By posted in Martus on January 23, 2014 at 10:15am


While I was in Haiti, I learned more about vodou (a collection of various mixed traditions and practices commonly observed by many Haitians) and the history of acceptance and celebration of gender variance and same-sex practices that has often characterized vodou. Despite this history, homophobia, lesbophobia and transphobia are on the rise in Haiti with the growth of a fervent anti-gay movement, similar to that seen elsewhere in the Caribbean (especially in Jamaica, where we have also trained LGBTI groups on Martus in the past) and in Sub-Saharan Africa.

Following the Haitian LGBTI community’s organization of activities for IDAHO (International Day Against Homo/Lesbo/Transphobia) in May 2013, they have experienced quite a backlash that has instilled fear and frustration in the community. This included a highly publicized anti-gay march organized by a federation of churches, the beating and alleged death of two men, and outings and attacks of several LGBTI persons.

Despite these events and a persistent stream of violations both before and since, no systematic effort has yet ensured that human rights violations targeting this community are well documented and preserved. Yet substantiated and secured documentation is a vital component of strong legal defense of victims as well as the basis for successful public education campaigns and appropriate service provision, and ultimately an important part of the long-term struggle for social and policy change.

Photo of Human Rights Project Manager Annie Wilkinson with human rights monitors displaying their certificates of accomplishment after completing their first Martus training.

Twenty graduated Martus human rights monitors celebrate after completion of the training

In recognition of the lack of and need for documentation in Haiti, Housing Works, a major U.S. nonprofit that works in both the United States and Haiti, reached out to Benetech to enlist our help in creating a secure, nation-wide human rights documentation system. Last November—together with 20 human rights defenders and service providers working with HIV-positive persons, the LGBTI community, and women and girls—we established an interactive and secure reporting system to document incidents of gender-based violence and discrimination across Haiti. By the end of our training week, we graduated 20 new Martus Human Rights monitors representing 10 organizations working across the country with the goal of ensuring that no human rights violation motivated by homophobia, misogyny or stigma based on HIV status goes undocumented.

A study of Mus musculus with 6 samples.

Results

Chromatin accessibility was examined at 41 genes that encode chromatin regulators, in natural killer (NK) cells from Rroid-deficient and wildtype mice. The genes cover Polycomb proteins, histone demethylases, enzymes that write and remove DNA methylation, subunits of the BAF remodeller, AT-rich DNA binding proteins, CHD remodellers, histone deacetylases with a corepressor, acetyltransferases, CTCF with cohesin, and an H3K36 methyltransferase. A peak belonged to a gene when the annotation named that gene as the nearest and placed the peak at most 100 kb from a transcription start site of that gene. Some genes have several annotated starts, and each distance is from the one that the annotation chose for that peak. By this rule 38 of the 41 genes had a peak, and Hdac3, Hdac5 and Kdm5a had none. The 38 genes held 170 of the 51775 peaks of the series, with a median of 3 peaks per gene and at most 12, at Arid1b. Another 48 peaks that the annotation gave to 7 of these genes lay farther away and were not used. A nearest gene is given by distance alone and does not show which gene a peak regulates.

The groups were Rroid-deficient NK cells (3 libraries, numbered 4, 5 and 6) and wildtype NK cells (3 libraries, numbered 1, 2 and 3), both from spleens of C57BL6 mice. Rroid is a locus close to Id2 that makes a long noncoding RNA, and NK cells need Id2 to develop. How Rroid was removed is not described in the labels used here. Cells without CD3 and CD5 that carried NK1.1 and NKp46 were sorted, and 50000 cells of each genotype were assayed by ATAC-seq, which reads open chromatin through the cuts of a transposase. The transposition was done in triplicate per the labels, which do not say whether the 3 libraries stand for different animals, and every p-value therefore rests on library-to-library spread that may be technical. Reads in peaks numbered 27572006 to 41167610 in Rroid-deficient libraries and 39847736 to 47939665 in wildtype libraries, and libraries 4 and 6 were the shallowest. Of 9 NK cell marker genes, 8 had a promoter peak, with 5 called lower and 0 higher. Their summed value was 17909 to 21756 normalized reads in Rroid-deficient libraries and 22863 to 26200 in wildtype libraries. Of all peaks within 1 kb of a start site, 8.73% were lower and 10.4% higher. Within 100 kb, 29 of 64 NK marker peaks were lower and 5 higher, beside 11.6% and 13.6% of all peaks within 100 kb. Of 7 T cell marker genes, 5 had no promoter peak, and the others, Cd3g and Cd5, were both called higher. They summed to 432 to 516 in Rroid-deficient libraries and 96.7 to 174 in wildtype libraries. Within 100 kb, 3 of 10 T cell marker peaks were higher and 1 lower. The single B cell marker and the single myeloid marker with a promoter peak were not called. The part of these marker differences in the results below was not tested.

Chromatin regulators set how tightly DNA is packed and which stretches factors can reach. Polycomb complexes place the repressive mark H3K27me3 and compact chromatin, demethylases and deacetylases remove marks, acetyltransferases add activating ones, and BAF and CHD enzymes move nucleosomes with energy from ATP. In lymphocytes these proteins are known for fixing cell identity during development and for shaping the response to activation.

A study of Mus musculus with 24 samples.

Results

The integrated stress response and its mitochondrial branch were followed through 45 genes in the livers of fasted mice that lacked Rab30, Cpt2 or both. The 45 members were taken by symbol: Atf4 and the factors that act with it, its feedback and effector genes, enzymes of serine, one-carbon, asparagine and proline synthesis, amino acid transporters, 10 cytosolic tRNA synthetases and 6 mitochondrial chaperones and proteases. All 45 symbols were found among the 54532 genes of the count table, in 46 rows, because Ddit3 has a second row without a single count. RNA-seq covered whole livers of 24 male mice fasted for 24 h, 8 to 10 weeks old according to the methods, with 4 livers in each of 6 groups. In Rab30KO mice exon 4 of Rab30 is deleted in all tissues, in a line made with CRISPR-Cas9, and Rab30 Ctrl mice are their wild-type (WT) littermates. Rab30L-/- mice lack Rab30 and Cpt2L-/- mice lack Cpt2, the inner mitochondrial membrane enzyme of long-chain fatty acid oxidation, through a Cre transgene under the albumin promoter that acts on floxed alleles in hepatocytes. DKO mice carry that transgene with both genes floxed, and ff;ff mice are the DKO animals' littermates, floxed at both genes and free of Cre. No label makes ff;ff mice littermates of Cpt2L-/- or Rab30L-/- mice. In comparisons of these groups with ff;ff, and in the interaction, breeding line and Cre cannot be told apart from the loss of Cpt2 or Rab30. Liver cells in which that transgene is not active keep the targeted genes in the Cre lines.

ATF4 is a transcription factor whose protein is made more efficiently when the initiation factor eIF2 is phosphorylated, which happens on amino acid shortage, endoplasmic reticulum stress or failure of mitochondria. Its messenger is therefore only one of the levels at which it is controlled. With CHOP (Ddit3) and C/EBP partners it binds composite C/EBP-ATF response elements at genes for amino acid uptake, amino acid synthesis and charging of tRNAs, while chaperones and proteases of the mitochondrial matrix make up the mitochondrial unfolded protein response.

This coalition of human rights defenders has some very clear objectives. Haiti was the second independent state in the Western Hemisphere (after the United States). In its more than 200 year history, it never put an anti-sodomy law on the books, unlike many of its neighbors in the Caribbean that were colonized by European states for longer, especially those that adopted the harsh British penal code of the period.

Hence, unlike many of our partners advancing LGBTI rights in other contexts—for example, in Eastern and Southern Africa, where decriminalization is a priority—our partners in Haiti aren’t looking to overturn laws outlawing same-sex intimacy. But they are seeking to fight for needed legal protections against discrimination based on sexual orientation and gender identity. They also plan to launch a campaign to educate the public about sexual orientation and gender identity issues with the aim of reducing public stigma against HIV positive and LGBTI persons.

Photo of Human Rights Project Manager Annie Wilkinson presenting on Martus during training to field partners.

Human Rights Project Manger Annie Wilkinson explains “public key cryptography” to Haiti coalition of Martus Human Rights Monitor training participants

The courageous and hard work of our partners in Haiti is part of the larger fight for justice around the world for LGBTI communities and other minorities, and Martus is one of the tools they are using to support this effort. Throughout our training in Haiti, the diagram of the Martus system we were building together over the course of the week hung on the wall at the front of the room to remind us all of “where we are going” and what we are working towards. By the end of our week together, all 20 participants had checked off their names on the project information flow diagram, indicating that they had completed the configuration of their Martus accounts to join in as nodes in the Martus system. After a week of training modules covering Martus, digital security basics (including public key cryptography 101), and human rights documentation concepts and practices (including issues of consent, interviewing sensitivity skills, and interview design and practice, to name a few), they were ready to go.

Not one of us left untransformed. During the week, we talked about the relative merits of collecting data using checkboxes vs. dropdowns and covered lessons on explaining the difference between public and private encryption keys… but we also talked about overcoming fear, identities, hopes and dreams for change, and even falling in love.

Such issues are often part of the conversations with our field partners during Martus trainings and, indeed, one of my roles as a trainer is to effectively facilitate these conversations: helping our partners think strategically about their goals and identify why and how secure documentation might help them achieve these goals. This kind of in-person support on the ground, we have learned, is key to harnessing the power of technology to strengthen human rights documentation and to advancing our own human rights mission of supporting the groups that are documenting violations in their communities.